Research confirms ingredient in household cleaner could improve fusion reactions

April 5, 2021, 12:00PMANS Nuclear Cafe
Photos of physicist Alessandro Bortolon and the element boron; graph and photo showing the interior of a tokamak. Credit: Alexander Nagy and Alessandro Bortolon/Collage courtesy of Elle Starkman, PPPL

Research led by scientists at the Department of Energy's Princeton Plasma Physics Laboratory (PPPL) provides new evidence that particles of boron, the main ingredient in Borax household cleaner, can coat internal components of doughnut-shaped plasma devices known as tokamaks and improve the efficiency of the fusion reactions, according to an article published on on April 2.

DOE awards $17 million for research at Princeton fusion facility

September 10, 2020, 7:00AMNuclear News

The NSTX-U “umbrella.” Photo: Elle Starkman/ PPPL Office of Communications

The Department of Energy on September 8 announced funding for research at the National Spherical Tokamak Experiment Upgrade (NSTX-U), an Office of Science user facility at the DOE’s Princeton Plasma Physics Laboratory in Princeton, N.J.

Total planned funding is $17 million for the NSTX-U work over five years in duration. As much as $6 million in fiscal year 2020 dollars and out-year funding could be available this year, contingent on congressional appropriations and satisfactory progress.

The initiative will support experiments, data analysis, and computer modeling and simulation of plasma behavior. A major focus will be on the start of laying the scientific groundwork for a next-generation facility through better understanding of the behavior of plasmas in spherical tokamaks, the DOE said.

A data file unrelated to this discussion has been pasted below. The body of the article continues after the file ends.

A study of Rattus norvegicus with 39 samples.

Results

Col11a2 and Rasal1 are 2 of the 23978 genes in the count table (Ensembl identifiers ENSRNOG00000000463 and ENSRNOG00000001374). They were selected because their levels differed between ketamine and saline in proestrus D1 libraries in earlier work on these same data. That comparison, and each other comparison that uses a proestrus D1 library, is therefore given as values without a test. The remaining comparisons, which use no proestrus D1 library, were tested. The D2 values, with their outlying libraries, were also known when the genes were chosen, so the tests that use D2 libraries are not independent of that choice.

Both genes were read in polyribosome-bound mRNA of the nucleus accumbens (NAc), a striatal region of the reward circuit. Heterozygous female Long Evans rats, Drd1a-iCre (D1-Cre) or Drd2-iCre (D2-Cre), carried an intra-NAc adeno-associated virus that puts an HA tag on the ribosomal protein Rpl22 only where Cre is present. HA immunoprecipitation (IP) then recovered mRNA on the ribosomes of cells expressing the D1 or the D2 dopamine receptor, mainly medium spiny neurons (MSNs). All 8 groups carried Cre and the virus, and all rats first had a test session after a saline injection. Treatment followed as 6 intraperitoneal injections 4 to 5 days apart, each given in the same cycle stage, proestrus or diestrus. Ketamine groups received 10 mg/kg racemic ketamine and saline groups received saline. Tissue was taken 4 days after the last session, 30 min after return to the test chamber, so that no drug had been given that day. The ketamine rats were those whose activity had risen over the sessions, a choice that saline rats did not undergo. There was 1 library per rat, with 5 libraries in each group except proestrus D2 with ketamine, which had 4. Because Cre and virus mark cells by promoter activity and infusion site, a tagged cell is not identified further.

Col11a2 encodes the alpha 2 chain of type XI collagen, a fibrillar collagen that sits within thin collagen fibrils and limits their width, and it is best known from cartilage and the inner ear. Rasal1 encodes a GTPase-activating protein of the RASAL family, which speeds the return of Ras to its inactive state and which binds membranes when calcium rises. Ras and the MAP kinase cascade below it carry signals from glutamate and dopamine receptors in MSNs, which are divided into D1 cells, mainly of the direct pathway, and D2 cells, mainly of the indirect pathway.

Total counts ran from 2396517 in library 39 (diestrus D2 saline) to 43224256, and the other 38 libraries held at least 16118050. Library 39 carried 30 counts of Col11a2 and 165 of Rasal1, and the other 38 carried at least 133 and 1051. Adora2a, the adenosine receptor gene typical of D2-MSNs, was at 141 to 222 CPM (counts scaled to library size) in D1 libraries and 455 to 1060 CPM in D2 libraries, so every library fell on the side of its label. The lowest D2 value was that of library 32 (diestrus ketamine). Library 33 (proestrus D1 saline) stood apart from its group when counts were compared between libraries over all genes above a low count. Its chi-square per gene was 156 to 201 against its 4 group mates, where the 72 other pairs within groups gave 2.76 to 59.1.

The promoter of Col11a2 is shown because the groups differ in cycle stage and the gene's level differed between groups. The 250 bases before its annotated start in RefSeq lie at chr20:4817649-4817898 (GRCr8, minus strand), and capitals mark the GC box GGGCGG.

New model stretches the limits of fusion torus control

August 17, 2020, 7:37AMNuclear News

PPPL physicists Raffi Nazikian (left) and Qiming Hu, with a figure from their research. Photo: PPPL/Elle Starkman

Stars contain their plasma with the force of gravity, but here on earth, plasma in fusion tokamaks must be magnetically confined. That confinement is tenuous, because tokamaks are subject to edge localized modes (ELM)—intense bursts of heat and particles that must be controlled to prevent instabilities and damage to the fusion reactor.

Researchers at the Department of Energy’s Princeton Plasma Physics Laboratory (PPPL) and at General Atomics (GA) recently published a paper in Physical Review Letters explaining this tokamak restriction and a potential path to overcome it. They have developed a new model for ELM suppression in the DIII-D National Fusion Facility, which is operated by GA for the DOE. PPPL physicists Qiming Hu and Raffi Nazikian are the lead authors of the paper, which was announced on August 10 by PPPL.